Wednesday, July 14, 2010

by R J Shulman

NEW YORK - (PTSD News) - A federal court struck down the Federal Communications Commission's long standing indecency rules, finding them "too f**king vague." The three judge panel of the Second Circuit of the Court of Appeals said the policy which prohibits the use of swear words on regular broadcast radio and television creates "a chillig effect on free speech and violates the mother f**king First Amendment rights of the people."

FCC Commissioner Michael Copps shot back an angry response saying "the court's ruling is anti-family. How the f**k can parents raise their god-damned f**king kids right when every other f**king word from the TV is a f**king swear word?" Copps called on the commission to revamp the rules to make them pass constitutional muster by being specific enough. "The rules should say," suggested Copps, "something like 'if any of you mother f**king a**holes say some bad sh*t on the air, your mother f**king ass is mine, c**ks**ker."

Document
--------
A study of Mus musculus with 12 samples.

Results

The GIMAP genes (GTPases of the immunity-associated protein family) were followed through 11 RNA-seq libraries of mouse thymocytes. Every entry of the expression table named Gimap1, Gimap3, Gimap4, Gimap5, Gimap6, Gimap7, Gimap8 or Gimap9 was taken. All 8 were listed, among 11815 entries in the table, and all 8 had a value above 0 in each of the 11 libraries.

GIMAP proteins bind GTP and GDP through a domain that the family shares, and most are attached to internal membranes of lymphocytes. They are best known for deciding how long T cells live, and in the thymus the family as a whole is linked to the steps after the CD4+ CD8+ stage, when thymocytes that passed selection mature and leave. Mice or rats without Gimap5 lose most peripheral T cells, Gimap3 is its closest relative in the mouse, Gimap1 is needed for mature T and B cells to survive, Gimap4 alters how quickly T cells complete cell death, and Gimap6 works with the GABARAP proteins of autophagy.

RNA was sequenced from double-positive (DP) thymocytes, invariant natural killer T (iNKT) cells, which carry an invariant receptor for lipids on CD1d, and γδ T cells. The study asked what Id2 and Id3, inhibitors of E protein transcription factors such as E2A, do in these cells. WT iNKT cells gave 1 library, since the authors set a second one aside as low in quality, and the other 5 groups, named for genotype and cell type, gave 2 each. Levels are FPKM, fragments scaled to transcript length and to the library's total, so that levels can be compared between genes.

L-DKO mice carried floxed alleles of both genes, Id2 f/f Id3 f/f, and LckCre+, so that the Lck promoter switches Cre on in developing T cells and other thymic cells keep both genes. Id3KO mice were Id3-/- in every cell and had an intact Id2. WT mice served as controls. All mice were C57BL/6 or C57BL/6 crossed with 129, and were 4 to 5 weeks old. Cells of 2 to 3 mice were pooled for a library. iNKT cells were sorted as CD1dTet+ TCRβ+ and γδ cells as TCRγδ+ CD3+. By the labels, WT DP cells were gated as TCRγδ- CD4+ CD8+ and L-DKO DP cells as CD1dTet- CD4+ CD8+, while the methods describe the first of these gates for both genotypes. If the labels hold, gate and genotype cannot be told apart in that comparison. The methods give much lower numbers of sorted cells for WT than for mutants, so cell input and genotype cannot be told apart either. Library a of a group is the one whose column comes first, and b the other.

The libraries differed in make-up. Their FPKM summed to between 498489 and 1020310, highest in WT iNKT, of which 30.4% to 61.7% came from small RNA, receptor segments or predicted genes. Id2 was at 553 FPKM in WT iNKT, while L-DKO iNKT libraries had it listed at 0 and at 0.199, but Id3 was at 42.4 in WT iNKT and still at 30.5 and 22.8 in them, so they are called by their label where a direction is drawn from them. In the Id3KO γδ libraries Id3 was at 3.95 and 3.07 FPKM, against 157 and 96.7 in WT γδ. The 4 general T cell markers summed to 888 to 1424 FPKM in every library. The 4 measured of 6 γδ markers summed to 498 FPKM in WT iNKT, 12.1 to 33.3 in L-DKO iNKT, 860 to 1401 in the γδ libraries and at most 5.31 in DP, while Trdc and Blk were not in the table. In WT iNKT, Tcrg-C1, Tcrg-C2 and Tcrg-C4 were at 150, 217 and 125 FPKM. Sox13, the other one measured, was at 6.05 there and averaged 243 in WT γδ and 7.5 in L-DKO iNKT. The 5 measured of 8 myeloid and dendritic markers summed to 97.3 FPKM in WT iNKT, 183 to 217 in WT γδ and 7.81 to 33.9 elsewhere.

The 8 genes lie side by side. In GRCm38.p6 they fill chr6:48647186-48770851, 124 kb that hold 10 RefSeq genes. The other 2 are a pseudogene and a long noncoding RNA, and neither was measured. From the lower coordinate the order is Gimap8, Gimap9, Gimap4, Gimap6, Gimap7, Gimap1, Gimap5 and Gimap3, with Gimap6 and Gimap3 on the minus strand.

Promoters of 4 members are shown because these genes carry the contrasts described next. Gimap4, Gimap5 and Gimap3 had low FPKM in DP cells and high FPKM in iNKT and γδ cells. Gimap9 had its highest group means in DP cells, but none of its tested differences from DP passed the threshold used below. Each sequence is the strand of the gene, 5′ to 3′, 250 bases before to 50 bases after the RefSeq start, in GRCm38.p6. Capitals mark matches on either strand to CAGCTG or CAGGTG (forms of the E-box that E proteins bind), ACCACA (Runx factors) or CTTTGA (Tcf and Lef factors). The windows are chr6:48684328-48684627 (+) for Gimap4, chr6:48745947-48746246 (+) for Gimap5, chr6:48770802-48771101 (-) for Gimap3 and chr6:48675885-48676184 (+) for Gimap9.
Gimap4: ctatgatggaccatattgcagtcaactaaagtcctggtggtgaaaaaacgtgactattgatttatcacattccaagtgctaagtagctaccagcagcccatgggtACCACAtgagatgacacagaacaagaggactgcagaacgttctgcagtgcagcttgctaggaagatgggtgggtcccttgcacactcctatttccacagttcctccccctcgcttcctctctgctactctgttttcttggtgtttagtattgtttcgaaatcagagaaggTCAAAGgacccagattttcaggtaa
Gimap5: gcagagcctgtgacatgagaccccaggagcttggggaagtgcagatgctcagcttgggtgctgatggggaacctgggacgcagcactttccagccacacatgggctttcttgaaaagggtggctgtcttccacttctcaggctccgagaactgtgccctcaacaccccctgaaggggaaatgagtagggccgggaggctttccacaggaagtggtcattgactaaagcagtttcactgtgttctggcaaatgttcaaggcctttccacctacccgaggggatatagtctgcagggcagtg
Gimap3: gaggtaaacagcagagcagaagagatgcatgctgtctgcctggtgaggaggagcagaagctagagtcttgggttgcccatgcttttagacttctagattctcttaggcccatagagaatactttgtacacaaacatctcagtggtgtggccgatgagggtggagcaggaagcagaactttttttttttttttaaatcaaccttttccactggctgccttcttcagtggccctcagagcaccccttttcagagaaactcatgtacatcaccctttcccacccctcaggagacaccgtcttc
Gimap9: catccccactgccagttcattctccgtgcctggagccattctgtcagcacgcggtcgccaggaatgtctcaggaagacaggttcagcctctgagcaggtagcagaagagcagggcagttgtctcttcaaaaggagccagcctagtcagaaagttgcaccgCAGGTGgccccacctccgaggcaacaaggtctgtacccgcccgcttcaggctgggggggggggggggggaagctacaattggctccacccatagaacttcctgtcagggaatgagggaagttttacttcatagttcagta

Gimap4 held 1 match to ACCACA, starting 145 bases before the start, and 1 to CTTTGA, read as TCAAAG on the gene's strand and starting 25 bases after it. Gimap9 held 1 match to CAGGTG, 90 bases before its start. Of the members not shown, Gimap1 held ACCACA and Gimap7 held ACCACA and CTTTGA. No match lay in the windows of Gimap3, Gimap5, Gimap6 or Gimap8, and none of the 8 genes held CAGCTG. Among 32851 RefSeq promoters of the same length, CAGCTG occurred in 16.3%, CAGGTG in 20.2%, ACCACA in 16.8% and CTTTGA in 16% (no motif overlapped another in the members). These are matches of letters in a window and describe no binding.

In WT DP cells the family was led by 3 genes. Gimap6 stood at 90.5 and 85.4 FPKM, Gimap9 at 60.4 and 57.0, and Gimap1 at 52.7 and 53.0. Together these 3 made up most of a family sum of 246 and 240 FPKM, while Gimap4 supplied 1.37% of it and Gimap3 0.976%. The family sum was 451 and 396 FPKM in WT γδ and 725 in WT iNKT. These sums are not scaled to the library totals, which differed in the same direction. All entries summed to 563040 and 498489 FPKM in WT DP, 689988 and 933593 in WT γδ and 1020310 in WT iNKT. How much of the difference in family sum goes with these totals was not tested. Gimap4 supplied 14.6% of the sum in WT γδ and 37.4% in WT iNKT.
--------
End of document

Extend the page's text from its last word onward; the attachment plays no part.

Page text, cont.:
The ruling by the court was embraced by the broadcast industry who have run afoul of the indecency rule such as the 2003 incident when U2's Bono swore when accepting an award on NBC and the infamous Janet Jackson Superbowl wardrobe malfunction that caused such heartache for CBS. "Now we don't have to have two ways of talking," said Kenneth Baitman of ABC-TV, "you know, our regular way of talking and the mother f**king uptight stuck up your a**hole puritanical mother f**king restricted way we had to watch our f**king language on the air."

Fox TV also supported the court ruiling. "Now we can provide the mother f**king American people with swear words the liberal press won't say and let the people decide the f**king truth.